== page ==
GPCAP recommendations strengthen the credibility of medical conference presentations


Industry-sponsored research is routinely presented at medical conferences. Although there is an industry standard to guide the development of peer-reviewed journal articles (Good Publication Practice [GPP3] for industry-sponsored research),1 there are no guidelines describing best practice for conference presentations.

The Good Practice for Conference Abstracts and Presentations (GPCAP) recommendations,2 which were recently published in Research Integrity and Peer Review, have been developed to address the challenges faced by industry professionals and authors when preparing abstracts and presentations for academic conferences.

The concept for these recommendations came out of a Medical Communications networking event at which Liz Wager was presenting an update to GPP (i.e. GPP3).3 As an attendee of this event and working on a busy publications account at the time, I had a lot of questions about how the GPP3 guidelines could or should be applied to conference publications. For example, as far as authorship was concerned, GPP3 relied on the International Comittee of Medical Journal Editors (ICMJE) criteria for guidance; however, I had frequently encountered situations in which authors on conference materials did not meet all four ICMJE criteria for authorship (Box 1). This was particularly challenging when it came to the development of encore papers, because local investigators who were invited to lead and present an encore paper did not feel that they warranted authorship, despite them having taken part in the study. As expected, with a focus on the development of journal articles, GPP3 did not have any recommendations for encore presentations. It was clear that the industry needed some additional guidance, built on the ethical principles of GPP3 and ICMJE but that reflected the unique aspects of conference presentations.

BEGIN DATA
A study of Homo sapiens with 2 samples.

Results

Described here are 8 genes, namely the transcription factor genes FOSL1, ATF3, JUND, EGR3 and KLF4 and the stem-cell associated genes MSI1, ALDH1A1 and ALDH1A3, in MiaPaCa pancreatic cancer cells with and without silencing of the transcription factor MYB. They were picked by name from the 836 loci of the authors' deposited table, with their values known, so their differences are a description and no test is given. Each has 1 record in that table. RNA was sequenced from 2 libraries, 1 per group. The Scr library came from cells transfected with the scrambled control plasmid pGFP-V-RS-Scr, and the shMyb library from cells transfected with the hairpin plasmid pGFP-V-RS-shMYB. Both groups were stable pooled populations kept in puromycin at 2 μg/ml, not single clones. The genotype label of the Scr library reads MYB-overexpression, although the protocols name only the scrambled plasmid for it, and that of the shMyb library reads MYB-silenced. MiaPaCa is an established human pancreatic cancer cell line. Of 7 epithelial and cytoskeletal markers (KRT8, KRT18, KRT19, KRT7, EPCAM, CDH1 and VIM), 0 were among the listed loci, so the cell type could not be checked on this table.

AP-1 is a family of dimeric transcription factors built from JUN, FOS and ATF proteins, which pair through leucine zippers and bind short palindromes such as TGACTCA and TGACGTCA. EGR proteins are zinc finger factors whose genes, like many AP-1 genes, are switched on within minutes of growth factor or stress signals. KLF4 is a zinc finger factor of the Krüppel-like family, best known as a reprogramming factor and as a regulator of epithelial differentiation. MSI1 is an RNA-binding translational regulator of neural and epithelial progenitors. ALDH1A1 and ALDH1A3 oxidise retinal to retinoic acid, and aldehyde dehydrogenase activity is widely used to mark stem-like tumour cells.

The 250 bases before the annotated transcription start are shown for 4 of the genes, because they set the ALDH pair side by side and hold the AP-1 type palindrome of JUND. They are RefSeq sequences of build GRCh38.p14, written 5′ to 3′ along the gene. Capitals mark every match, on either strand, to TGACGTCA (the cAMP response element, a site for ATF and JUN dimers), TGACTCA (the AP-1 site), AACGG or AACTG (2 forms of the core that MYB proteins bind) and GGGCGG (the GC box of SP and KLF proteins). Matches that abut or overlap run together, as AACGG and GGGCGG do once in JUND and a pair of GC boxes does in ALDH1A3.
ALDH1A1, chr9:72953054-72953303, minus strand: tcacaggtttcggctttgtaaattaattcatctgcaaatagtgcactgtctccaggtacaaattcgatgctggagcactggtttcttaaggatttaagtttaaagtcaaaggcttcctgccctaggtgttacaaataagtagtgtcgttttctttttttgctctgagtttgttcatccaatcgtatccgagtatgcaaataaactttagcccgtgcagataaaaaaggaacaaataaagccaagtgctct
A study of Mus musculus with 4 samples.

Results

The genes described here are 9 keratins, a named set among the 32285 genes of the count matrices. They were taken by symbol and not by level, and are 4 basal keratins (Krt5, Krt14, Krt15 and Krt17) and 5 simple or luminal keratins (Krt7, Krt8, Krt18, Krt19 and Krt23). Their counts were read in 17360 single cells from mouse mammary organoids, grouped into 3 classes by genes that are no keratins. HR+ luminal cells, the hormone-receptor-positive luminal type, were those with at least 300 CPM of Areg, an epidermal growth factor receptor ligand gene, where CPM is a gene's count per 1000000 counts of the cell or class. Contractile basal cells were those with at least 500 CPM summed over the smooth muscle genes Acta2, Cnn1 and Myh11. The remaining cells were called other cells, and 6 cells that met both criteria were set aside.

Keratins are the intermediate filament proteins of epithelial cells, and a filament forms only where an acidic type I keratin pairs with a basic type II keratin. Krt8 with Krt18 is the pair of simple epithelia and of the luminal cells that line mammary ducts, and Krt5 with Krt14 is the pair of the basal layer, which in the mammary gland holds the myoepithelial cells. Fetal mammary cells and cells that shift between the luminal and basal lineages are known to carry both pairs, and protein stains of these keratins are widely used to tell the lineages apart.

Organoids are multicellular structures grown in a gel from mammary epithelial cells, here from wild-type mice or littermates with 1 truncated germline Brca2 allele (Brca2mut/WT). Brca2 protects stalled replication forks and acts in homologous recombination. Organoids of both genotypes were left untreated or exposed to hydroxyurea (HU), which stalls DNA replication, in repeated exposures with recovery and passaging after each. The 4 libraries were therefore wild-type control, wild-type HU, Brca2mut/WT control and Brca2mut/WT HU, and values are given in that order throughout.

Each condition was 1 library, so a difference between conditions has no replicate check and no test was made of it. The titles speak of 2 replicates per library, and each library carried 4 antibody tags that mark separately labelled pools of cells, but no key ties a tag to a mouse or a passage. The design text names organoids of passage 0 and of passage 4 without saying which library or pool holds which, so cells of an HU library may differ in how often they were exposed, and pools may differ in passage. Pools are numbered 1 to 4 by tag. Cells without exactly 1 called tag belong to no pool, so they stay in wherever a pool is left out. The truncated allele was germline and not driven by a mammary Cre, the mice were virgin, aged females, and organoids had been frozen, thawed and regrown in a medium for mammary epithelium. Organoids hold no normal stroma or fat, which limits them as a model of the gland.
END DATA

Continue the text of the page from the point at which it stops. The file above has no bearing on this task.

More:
Consequently, when I talked about these issues with Liz Wager, Jackie Marchington and Cate Foster, after Liz’s presentation, we agreed there was a need for additional guidance. Cate and Liz had previously discussed the need for guidance, and Cate agreed to lead development and to establish an author group, which ultimately became the GPCAP author group (see image) (


Following a 12-month discussion and drafting process, an initial version of the GPCAP recommendations was published as a preprint at PeerJ Preprints4 for public review and comment, enabling the authors to refine the recommendations further before submitting them for publication. Nine sets of comments were received, which were then considered and incorporated whenever appropriate. At submission to Research Integrity and Peer Review, our preprint had been viewed by 2769 unique visitors and downloaded 3300 times. The valuable insights and suggestions of the peer reviewers helped us to improve the recommendations further, and we are delighted that editors at Research Integrity and Peer Review accepted our work for publication.

The GPCAP recommendations cover a wide range of conference-related publication topics, ranging from authorship to re-presentation of data (encore abstracts and papers) and copyright considerations. While these were developed with the pharma industry in mind, they are also applicable to academic research conference submissions, and we hope that by following them, industry professionals, researchers, authors and conference organizers will contribute to the improvement of consistency, transparency and integrity of abstracts and presentations submitted to conferences worldwide.

We approached more than 60 conference organizers and societies during the development of the GPCAP recommendations but were disappointed that only one of them commented on the preprint. Conference organizers play a significant role in improving the consistency, transparency and integrity of presentations by ensuring that their systems are flexible enough to accommodate the variable nature and requirements of conference presentations. I hope that future input from conference organizers and societies, as well as from anyone submitting research to conferences, will augment and strengthen these recommendations. We are also aiming to update the GPCAP recommendations on a regular basis as conference organizers develop guidance and media types evolve, taking us into new territory.

I urge you to read the GPCAP recommendations and to provide feedback via our website ( or Twitter (#GPCAP).


  1. Battisti WP, Wager E, Baltzer L, et al. Good Publication Practice for Communicating Company-Sponsored Medical Research: GPP3. Annals of internal medicine 2015; 163(6): 461–4.
  2. Foster C, Wager E, Marchington J, et al. Good Practice for Conference Abstracts and Presentations: GPCAP. Research Integrity and Peer Review 2019; 4(1): 11.
  3. Wager E. What’s new in GPP3? 2015. (accessed 06 June 2019).
  4. Foster C, Wager E, Marchington J, et al. Good Practice for Conference Abstracts and Presentations: GPCAP. PeerJ Preprints 2017; 5: e3356v1.